Blue Origin wants to start taking tourists to space as soon as possible. After successfully completing the 12 New Shepard test in December 2019, the company founded by Jeff Bezos is already preparing the next rocket to integrate its fleet of space vehicles: the New Glenn.
Blue Origin made known through its official Twitter account that it has already completed the development of the rocket fairing. Named after American astronaut John Glenn, the space vehicle wants to be the rival of SpaceX's Falcon Heavy and, if all goes as planned, will make its first official flight in 2021.
Blue Origin's backstage images already demonstrate the size of the cone that will be at the tip of the New Glenn. The rocket's fairing is so big that there's room for the entire New Shepard ship. In all, when it is ready, the partially reusable rocket will have a height of more than 95 meters, being capable of carrying more than 45 tons of cargo.
The company also announced that it has already completed the preparation of the mission control center. The facility is located in Cape Canaveral, Florida, where Blue Origin is developing the New Glenn rocket. Even earlier, Blue Origin revealed that it has started testing the New Glenn engines at its Texas facility.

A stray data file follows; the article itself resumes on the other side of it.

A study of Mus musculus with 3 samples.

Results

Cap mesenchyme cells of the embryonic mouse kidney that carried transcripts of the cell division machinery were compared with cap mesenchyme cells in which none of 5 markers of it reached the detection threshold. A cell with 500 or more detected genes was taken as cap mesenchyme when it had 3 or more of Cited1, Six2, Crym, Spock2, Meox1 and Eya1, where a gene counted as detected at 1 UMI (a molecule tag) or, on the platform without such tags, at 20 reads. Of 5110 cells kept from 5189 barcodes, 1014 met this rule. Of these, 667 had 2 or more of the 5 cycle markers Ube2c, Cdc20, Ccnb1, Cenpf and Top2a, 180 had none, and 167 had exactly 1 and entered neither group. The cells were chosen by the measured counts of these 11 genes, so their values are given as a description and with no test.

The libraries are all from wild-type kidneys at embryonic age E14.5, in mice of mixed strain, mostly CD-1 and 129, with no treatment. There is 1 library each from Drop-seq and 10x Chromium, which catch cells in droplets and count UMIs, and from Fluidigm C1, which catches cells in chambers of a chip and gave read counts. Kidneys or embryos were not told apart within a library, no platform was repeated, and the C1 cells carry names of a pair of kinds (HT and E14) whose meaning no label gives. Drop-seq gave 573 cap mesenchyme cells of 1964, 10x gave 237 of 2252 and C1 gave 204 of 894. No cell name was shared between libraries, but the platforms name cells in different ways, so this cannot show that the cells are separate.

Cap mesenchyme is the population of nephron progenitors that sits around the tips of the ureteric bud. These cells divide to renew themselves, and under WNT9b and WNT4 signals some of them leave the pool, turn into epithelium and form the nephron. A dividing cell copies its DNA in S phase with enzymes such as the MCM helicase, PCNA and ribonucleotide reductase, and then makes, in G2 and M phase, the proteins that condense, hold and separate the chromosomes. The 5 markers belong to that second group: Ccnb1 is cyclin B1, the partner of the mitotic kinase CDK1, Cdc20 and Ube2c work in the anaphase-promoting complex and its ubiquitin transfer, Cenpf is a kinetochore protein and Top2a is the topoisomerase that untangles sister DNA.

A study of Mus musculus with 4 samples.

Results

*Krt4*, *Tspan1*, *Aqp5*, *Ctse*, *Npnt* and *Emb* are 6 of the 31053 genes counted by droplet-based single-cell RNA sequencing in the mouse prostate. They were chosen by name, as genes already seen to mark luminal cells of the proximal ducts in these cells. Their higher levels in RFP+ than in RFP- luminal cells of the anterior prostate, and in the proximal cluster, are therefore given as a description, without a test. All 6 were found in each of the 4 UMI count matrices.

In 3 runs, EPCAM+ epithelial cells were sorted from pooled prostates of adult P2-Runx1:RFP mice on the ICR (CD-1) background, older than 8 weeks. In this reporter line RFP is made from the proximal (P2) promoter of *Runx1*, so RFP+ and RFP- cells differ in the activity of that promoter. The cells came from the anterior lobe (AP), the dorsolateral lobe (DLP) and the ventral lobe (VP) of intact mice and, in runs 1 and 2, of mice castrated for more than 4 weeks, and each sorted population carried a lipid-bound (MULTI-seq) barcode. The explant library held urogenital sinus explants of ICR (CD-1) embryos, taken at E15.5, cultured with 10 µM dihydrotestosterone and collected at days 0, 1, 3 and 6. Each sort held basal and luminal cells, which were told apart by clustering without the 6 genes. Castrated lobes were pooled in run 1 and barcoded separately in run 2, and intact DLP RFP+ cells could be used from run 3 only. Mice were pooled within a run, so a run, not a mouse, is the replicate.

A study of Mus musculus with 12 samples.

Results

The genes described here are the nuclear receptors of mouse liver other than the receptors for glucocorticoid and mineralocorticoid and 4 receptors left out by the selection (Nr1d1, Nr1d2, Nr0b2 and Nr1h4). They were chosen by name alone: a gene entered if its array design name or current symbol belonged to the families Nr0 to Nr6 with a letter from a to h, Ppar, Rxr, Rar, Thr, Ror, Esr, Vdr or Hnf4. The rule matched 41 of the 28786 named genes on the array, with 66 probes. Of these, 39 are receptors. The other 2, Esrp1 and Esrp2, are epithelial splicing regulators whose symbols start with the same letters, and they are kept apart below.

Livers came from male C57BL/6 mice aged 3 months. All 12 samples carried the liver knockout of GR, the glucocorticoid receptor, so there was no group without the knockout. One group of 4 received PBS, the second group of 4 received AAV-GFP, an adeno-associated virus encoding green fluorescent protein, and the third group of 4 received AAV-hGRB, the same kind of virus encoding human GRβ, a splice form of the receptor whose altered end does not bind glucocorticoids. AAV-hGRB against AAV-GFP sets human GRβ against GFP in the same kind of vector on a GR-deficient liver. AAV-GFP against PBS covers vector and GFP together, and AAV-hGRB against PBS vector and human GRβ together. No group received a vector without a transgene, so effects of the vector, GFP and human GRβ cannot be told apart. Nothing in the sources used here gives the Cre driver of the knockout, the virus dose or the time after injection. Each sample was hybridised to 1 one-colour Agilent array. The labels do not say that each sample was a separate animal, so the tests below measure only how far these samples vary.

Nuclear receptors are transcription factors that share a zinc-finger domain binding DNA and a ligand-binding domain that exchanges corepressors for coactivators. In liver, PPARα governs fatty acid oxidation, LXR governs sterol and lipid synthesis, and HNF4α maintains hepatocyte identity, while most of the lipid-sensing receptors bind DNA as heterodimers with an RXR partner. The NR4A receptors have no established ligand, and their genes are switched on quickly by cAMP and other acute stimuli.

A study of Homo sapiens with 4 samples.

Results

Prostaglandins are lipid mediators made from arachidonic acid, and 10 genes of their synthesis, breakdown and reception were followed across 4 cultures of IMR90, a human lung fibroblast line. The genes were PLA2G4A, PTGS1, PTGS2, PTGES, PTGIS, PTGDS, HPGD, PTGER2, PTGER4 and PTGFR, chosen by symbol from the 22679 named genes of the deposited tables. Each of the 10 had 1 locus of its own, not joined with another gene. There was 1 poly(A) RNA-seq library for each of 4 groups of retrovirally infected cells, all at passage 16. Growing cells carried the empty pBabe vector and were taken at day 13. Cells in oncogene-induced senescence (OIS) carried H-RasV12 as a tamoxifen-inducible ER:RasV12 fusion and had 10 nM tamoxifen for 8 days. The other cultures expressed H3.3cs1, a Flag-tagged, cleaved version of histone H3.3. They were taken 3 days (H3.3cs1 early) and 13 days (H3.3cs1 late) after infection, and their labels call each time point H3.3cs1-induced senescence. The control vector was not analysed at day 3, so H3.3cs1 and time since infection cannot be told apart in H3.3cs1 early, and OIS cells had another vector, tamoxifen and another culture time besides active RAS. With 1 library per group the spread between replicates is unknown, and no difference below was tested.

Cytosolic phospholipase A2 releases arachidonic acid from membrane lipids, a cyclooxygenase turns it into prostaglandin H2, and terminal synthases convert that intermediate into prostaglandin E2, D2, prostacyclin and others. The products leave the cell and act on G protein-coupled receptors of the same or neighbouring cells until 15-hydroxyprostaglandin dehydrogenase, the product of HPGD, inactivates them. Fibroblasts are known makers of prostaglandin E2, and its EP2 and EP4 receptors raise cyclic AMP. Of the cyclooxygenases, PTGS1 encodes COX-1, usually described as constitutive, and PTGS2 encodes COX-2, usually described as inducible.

At the same time, rival SpaceX encountered some problems in the most recent test of Starship SN1, the new prototype of the spacecraft that one day will land on the Red Planet. The company led by Elon Musk decided to test the spacecraft in a test in Boca Chica, Texas, however, the space vehicle did not withstand the pressure and exploded.
SpaceX continues, however, to work to obtain the necessary licenses for further tests of the spacecraft that will travel to Mars. By mid-March of this year, the company wants to test the Starship's Raptor engines at a higher altitude than usual and then be able to land it on firm ground to prove that it can be reused when it lands on other planets.
In January of this year, SpaceX was able to successfully carry out a test of the mission's emergency system, managing to obtain NASA certification for the beginning of piloted tests. The next step is to do a manned test, with Demo-2, which is scheduled for the first quarter of 2020.